Kids Outdoor Outpost January 2018
My middle son recently posted this on Facebook:
“Some people go a lifetime to get that special hunting buddy. Mine calls me Son.”
Well, amen to that my son! Having three sons to hunt with has provided me with some fantastic memories.
My oldest son’s first deer was a buck that took four shots to drop (after three misses).
My middle son’s longest-distance archery buck was shot on an opening day that had temps in the 90s and a full moon.
My youngest son’s first deer was a doe he arrowed when we were hunting together.
The three stories are just the tip of the iceberg of memories I have so far with my three sons.
So, what does it take to pick the right deer hunting partner? Sometimes, you may not have that choice. You may be in a hunting club that could very well have a mix of participants and leaves you no choice in the matter. I encountered that experience with a club several years ago.
I was looking for a club that I could bring my three sons to hunt. Alcohol and drugs don’t mix with firearms. Unfortunately, once I found out that some of those types of things were going on, I chose to drop my membership quickly and move on. These sorts of instances do help point out what I believe to be a good hunting buddy. I’d like to share a variety of characteristics that I would look for in a hunting buddy.
First, I’d want to have one that is big on sharing. If only one of you takes a deer, the meat gets shared. Maybe go a step further and prepare a meal made with that deer to share with your buddy.
How about the drive to hunt camp? I sure hope that he (or she) tosses in a few bucks for gas, a couple of biscuits or drives the next time to camp.
Next, I want that buddy to be on time. When I call my buddy to hunt, I want to hear him say, “When should I be ready?” Nobody likes to be late to a hunt, if it can be helped. But we all have things that jump in to our best laid plans. If it happens occasionally, no problem. However, don’t be that guy! You should set the standard. Remember, if you’re early, you’re on time. If you’re on time, you’re late. Set your clock, and be ready to roll.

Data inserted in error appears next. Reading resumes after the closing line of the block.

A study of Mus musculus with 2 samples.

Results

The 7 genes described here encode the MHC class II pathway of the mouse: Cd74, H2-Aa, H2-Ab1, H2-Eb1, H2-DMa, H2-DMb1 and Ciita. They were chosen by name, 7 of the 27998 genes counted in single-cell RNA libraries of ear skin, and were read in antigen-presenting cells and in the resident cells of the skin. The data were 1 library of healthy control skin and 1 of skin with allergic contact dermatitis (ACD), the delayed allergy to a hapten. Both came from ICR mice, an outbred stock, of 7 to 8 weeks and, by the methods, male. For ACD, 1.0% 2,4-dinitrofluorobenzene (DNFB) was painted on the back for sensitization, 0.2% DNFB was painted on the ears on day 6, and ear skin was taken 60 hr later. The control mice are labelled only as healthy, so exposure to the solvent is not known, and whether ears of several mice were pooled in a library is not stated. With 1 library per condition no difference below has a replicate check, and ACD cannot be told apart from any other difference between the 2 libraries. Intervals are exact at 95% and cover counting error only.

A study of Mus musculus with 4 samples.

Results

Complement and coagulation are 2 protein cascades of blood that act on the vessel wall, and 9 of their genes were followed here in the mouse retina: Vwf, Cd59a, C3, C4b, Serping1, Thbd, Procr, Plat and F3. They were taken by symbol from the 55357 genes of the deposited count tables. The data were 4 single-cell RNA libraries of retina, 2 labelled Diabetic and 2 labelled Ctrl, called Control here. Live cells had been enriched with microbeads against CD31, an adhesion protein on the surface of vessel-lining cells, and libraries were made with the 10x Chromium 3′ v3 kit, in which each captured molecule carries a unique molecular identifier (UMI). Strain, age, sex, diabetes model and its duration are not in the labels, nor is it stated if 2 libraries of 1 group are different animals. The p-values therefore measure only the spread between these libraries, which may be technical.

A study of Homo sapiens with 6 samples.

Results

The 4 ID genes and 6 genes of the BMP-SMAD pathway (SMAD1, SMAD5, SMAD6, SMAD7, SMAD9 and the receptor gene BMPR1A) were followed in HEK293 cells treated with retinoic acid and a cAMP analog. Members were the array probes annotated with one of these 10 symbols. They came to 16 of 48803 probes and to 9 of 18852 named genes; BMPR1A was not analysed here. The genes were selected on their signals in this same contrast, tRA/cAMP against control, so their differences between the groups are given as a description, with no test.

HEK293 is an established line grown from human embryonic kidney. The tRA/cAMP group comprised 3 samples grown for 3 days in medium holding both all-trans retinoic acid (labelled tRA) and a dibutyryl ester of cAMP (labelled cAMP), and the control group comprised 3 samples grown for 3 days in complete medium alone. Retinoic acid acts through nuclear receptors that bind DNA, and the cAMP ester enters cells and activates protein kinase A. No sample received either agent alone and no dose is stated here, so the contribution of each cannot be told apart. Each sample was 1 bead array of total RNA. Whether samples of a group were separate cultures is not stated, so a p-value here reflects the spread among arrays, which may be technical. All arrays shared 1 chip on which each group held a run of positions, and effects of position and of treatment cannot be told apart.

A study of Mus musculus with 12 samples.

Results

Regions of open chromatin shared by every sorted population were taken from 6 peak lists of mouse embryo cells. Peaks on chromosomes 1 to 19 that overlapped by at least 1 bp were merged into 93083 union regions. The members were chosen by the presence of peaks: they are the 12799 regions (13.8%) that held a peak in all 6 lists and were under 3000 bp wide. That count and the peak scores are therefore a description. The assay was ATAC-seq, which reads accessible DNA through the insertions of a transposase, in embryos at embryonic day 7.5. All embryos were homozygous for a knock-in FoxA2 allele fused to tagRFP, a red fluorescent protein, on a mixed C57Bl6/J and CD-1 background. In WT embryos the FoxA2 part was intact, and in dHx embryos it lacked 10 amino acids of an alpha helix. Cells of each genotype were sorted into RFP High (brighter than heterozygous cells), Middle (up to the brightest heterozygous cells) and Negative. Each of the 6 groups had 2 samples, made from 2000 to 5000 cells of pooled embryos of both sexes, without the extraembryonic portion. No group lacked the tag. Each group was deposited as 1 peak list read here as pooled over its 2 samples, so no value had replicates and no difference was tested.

Bring extras of the important stuff; a good, working flashlight, a headlamp, knives, ropes, jerky, water. If your hunting buddy forgot something, you can step up and help them out. Just think, you could be the one who forgets something the next outing.
Always have your gear ready to go on a moment’s notice. Be the one that answers the call to help track and look for a downed deer. Again, you might be the one who needs tracking help in the future. Be the one that helps with the drag out.
The relationships that you make with your hunting buddy can last a lifetime. You may not realize it right now, but life can be stressful and at times pretty tough to deal with. Your hunting buddy may very well be the one to help you get through some rough patches in life. The bonds that you create in the field certainly can carry over to your daily life. Stay safe in the field.